Tesco is set to become the UK's largest retailer of non-food goods by the end of the year, according to industry analysts Verdict Research.
Tesco is gaining ground in all areas
Tesco will leapfrog ARG, owner of Argos and Homebase, by the end of 2006 as it sells more than £6bn of non-food goods.
It has expanded into most areas of the retail market, selling clothes, books, electrical goods and seasonal items such as barbecues and garden furniture.
Verdict said it expected some retailers to fold in the face of Tesco's growth.
Drugs to jewellery
"Compounded by the effect of rising costs and more demanding customers, casualties from almost every corner of the market are inevitable," the firm said in a study of trends in non-food retailing.
Tesco has been capitalising on its size and customer loyalty to make big gains in the non-food market, selling goods ranging from £3 pairs of jeans to soft furnishings and jewellery.
It is devoting increasing space to non-food goods in its large format Extra stores, and opened its first entirely non-food store last year.
Last year it appointed Terry Green, the former chief executive of BhS, Debenhams and Topshop, to develop its clothing ranges.
"Tesco is certain to extend its lead going forward," said Alastair Lockhart, senior retail analyst at Verdict Research.
"It is skilfully enhancing its ranges across all categories.
"We can expect to see a lot more clothing, homewares and electricals goods in Tesco's stores. Ranges will be broader and the way product is displayed will improve."
Tesco says its strategy is to be "as strong in non-food as in food", emphasising quality, range, price and service.
Sales of non-food goods are currently growing at twice the rate of food products, driven by the increasing incursion of Tesco, Asda and Sainsbury's into the market.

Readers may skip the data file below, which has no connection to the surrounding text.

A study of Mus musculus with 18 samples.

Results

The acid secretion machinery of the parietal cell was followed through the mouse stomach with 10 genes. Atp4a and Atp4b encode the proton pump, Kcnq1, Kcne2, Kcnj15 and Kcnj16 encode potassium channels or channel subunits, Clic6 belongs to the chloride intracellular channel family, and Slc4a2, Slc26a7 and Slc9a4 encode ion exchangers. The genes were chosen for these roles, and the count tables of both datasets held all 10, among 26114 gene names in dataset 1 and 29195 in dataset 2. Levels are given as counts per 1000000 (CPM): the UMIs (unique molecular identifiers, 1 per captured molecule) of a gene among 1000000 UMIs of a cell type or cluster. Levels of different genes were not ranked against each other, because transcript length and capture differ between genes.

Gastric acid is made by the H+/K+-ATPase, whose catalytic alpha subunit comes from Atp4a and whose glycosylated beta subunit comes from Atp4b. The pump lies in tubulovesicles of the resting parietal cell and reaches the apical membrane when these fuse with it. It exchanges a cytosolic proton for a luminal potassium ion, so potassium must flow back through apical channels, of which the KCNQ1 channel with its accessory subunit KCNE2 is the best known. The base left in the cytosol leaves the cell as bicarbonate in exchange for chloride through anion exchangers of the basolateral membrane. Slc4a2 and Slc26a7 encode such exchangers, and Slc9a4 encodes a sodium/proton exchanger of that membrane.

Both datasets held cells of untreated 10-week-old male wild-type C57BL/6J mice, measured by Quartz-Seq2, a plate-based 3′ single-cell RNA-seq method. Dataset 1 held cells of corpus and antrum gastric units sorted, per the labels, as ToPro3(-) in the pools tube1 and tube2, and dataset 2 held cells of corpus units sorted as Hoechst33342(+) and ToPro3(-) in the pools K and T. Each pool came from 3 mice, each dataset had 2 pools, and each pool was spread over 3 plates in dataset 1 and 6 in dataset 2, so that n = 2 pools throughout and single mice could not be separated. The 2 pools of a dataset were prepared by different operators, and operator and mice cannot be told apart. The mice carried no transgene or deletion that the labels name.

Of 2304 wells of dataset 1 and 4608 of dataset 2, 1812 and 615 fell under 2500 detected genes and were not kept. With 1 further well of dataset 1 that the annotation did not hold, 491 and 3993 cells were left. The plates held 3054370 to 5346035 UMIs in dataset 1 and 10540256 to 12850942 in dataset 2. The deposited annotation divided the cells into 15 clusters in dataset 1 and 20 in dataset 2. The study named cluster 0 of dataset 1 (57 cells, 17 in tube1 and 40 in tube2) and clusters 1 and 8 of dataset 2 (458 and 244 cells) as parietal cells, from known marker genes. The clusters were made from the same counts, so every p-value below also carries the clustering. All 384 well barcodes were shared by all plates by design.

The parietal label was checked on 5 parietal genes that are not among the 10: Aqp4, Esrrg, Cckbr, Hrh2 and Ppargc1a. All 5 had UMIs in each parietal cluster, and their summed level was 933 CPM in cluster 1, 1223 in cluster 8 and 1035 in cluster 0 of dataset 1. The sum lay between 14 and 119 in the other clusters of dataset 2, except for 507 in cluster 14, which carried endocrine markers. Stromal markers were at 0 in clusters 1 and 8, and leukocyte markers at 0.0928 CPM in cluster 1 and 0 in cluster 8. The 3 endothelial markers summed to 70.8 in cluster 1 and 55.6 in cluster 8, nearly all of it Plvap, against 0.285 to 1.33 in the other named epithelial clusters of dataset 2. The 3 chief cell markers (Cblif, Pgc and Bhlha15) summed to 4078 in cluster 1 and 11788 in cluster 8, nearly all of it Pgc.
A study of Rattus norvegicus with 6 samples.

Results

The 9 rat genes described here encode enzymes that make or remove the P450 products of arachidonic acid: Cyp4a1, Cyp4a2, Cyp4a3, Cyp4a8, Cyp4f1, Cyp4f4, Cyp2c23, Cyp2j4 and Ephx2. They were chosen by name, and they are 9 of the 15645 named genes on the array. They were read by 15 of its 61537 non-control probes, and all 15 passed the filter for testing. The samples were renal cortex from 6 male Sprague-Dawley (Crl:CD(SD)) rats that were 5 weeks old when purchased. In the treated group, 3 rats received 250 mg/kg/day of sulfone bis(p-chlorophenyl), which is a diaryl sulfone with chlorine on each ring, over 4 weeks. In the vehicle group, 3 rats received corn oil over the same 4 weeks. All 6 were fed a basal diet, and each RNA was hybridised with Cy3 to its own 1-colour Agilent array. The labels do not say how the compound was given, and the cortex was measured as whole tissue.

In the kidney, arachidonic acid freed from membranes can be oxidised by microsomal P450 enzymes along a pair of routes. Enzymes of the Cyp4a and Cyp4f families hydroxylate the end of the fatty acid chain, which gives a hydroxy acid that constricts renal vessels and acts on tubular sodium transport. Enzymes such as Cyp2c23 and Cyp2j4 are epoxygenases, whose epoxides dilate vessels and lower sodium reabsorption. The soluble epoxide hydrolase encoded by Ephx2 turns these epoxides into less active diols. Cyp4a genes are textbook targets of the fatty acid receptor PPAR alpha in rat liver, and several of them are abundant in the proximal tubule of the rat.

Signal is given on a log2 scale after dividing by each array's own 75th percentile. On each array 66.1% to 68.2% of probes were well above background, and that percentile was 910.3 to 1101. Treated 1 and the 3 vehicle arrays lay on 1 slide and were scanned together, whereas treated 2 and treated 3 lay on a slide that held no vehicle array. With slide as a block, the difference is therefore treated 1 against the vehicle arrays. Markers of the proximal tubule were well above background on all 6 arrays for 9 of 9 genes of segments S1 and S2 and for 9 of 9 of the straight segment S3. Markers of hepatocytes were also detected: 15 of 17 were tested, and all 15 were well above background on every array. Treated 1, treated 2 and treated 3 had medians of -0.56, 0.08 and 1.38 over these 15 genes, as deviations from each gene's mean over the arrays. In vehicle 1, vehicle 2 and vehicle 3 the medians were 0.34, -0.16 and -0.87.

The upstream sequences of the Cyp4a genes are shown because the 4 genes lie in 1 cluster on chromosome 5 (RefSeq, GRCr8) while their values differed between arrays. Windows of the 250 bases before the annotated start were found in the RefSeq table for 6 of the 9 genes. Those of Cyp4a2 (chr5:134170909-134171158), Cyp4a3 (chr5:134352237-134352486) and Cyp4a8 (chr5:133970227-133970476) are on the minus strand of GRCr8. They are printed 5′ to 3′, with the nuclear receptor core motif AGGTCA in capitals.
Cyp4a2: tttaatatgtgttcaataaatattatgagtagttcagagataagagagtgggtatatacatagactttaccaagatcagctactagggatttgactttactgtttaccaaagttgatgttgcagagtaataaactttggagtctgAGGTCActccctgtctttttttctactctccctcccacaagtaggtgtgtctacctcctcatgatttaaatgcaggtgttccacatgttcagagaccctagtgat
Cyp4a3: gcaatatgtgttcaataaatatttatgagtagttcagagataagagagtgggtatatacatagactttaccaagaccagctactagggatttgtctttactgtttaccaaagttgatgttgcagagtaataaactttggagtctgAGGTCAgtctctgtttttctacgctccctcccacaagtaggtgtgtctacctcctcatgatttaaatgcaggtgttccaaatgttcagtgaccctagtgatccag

By next year, Verdict expects supermarkets to take £1 in every £10 spent on non-food goods.
It has 200 pharmacies
It sold 15 million books in 2004
100 staff source non-food goods
It has five non-food distribution centres
The ability to offer low prices, a wide choice and a convenient shopping experience has seen supermarkets make ground at the expense of other retailers, in areas such as drugs and entertainment products.
Boots and HMV are among retailers which have seen their sales eroded by supermarkets in recent years.
Verdict said this trend was likely to continue.
"Whereas in the past, grocers have typically taken a fairly opportunistic approach in their non-food development, they are now placed to take on specialist retailers head-to-head," Mr Lockhart said.
Separately, it has emerged that Tesco has registered two companies in the US as a prelude to its £250m expansion there.
Tesco is opening its first convenience stores there next year and real estate experts believe it is currently looking for sites in Las Vegas as well as other cities.